As sports fans in general (and hockey fans in particular) continue to mourn the tragic plane crash in Russia that claimed 43 lives (including players and coaches from the Lokomotiv Yaroslavl KHL team), many people have named the summer of 2011 as the worst-ever in the history of hockey. And when you consider the sudden deaths of Derek Boogaard, Rick Rypien and Wade Belak (all within the last four months), it’s hard to disagree.
This latest tragedy affects different people across the world for various reasons. Canucks fans are fondly remembering Pavol Demitra, who played here for two seasons and had an excellent 2010 Winter Olympics tournament here in Vancouver. Combined with Rypien’s death last month, Luc Bourdon’s death in 2008, and the death of Taylor Pyatt’s fiancee Carly in 2009, it’s been an extremely difficult three-year period for fans on the West Coast.
The Czech Republic lost 3 ex-NHL players in Jan Marek, Karel Rachunek, and Josef Vasicek. And both Lokomotiv head coach Brad McCrimmon and the recently-retired Wade Belak were born in the prairie province of Saskatchewan.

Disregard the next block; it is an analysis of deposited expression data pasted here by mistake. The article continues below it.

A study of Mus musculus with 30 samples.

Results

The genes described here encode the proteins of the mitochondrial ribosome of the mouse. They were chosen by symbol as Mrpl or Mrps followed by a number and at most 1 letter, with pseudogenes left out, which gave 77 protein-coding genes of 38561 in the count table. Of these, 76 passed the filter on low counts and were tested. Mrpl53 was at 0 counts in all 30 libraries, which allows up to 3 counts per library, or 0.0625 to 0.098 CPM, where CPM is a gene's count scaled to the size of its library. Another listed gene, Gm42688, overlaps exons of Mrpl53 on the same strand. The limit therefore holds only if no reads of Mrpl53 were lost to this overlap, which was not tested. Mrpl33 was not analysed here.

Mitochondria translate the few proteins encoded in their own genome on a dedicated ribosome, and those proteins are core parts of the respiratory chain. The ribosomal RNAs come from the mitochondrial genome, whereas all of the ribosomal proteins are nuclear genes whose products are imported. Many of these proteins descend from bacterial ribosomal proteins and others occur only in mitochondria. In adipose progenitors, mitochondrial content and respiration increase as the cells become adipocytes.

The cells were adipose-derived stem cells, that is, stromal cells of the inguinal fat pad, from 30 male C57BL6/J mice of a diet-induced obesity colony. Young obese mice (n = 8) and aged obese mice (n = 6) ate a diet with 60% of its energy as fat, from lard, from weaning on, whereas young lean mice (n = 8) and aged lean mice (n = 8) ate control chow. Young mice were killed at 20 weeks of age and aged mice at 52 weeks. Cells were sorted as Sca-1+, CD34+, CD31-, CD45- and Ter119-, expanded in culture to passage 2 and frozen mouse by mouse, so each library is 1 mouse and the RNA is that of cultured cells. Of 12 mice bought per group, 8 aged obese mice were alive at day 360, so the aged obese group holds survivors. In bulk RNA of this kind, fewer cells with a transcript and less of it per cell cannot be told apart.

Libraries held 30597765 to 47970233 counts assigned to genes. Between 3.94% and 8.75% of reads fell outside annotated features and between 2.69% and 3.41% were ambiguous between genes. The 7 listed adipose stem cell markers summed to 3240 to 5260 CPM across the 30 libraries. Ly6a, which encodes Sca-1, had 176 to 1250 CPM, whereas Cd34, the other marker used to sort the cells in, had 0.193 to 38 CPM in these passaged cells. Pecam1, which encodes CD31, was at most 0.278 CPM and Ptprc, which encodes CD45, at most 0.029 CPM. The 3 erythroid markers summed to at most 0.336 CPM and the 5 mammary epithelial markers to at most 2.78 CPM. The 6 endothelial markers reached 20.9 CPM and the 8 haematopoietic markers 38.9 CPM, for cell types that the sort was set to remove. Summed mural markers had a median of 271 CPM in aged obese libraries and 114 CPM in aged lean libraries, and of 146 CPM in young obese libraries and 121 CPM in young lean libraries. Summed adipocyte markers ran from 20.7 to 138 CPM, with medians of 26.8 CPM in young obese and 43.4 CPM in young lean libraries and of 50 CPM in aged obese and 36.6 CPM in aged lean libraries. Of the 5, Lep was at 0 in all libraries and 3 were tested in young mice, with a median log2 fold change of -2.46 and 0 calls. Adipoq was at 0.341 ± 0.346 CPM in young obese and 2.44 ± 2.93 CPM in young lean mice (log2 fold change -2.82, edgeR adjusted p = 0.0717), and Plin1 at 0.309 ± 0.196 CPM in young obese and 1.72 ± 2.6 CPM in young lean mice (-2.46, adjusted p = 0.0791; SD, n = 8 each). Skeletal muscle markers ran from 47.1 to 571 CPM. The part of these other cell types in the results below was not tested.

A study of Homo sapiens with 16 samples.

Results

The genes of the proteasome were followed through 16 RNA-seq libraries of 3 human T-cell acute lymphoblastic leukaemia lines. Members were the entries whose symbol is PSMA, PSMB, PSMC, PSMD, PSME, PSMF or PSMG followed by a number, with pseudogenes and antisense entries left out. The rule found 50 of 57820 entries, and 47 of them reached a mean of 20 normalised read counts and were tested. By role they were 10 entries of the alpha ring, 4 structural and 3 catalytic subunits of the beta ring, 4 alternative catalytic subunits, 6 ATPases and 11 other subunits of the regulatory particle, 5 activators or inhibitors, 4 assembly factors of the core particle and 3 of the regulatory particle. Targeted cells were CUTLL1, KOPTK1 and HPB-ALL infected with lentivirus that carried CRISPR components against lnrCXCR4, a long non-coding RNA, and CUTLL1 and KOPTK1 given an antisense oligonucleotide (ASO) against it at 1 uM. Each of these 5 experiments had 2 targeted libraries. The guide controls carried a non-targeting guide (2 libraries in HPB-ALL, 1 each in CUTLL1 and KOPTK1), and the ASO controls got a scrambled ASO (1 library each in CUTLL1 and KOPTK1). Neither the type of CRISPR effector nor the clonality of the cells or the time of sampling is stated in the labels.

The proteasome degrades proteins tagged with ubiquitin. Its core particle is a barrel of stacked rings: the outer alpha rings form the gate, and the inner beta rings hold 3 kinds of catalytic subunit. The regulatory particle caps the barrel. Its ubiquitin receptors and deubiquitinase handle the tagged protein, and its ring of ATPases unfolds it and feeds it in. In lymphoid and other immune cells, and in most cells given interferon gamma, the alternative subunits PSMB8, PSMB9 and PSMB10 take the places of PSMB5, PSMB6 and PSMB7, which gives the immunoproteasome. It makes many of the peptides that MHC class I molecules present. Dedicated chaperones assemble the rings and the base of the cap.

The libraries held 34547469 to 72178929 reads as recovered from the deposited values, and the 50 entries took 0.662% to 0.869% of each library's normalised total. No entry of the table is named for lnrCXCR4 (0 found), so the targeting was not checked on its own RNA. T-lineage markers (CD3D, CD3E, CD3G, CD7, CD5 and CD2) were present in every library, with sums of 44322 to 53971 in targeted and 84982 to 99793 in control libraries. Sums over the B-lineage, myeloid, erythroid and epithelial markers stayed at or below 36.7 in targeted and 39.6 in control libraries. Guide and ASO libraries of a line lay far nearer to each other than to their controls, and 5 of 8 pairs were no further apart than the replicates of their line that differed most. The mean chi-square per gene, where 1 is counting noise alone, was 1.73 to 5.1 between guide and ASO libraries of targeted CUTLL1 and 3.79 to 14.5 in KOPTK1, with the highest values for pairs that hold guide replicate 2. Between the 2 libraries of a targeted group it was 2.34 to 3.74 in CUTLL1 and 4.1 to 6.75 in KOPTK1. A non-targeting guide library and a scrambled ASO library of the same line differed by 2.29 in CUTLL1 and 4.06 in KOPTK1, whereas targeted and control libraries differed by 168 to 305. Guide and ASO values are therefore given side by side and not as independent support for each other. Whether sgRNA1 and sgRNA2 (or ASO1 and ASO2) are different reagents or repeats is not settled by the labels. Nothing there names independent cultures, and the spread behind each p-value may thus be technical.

But as tragic as these hockey deaths have been, sadly these types of deaths happen every day…just to less famous people. We see stories and read accounts of people being killed by earthquakes, washed away by tsunamis, and starving to death in Africa. But for some reason we don’t always give these people the same amount of attention that we do to professional athletes.
Not to mention our own family members and friends who may be suffering from disease, illness, and disability. They often fight a silent yet noble battle with little to no fanfare.
The truth is, catastrophe and disaster bring people together. Despair can lead to hope…and we can only hope that tragedy will lead to triumph.
As much as it pained us to see the Vancouver Canucks lose game 7 of the Stanley Cup Finals, recent events both inside and outside of the sporting world help put things into proper perspective.
Don’t get me wrong: I’ll still be screaming, cheering, and jumping around like a madman whether I’m at Rogers Arena or in the friendly confines of my living room.
But I hope to do so with the proper perspective. Because perspective helps us gain an appreciation of the bigger picture and reminds us as to what’s important.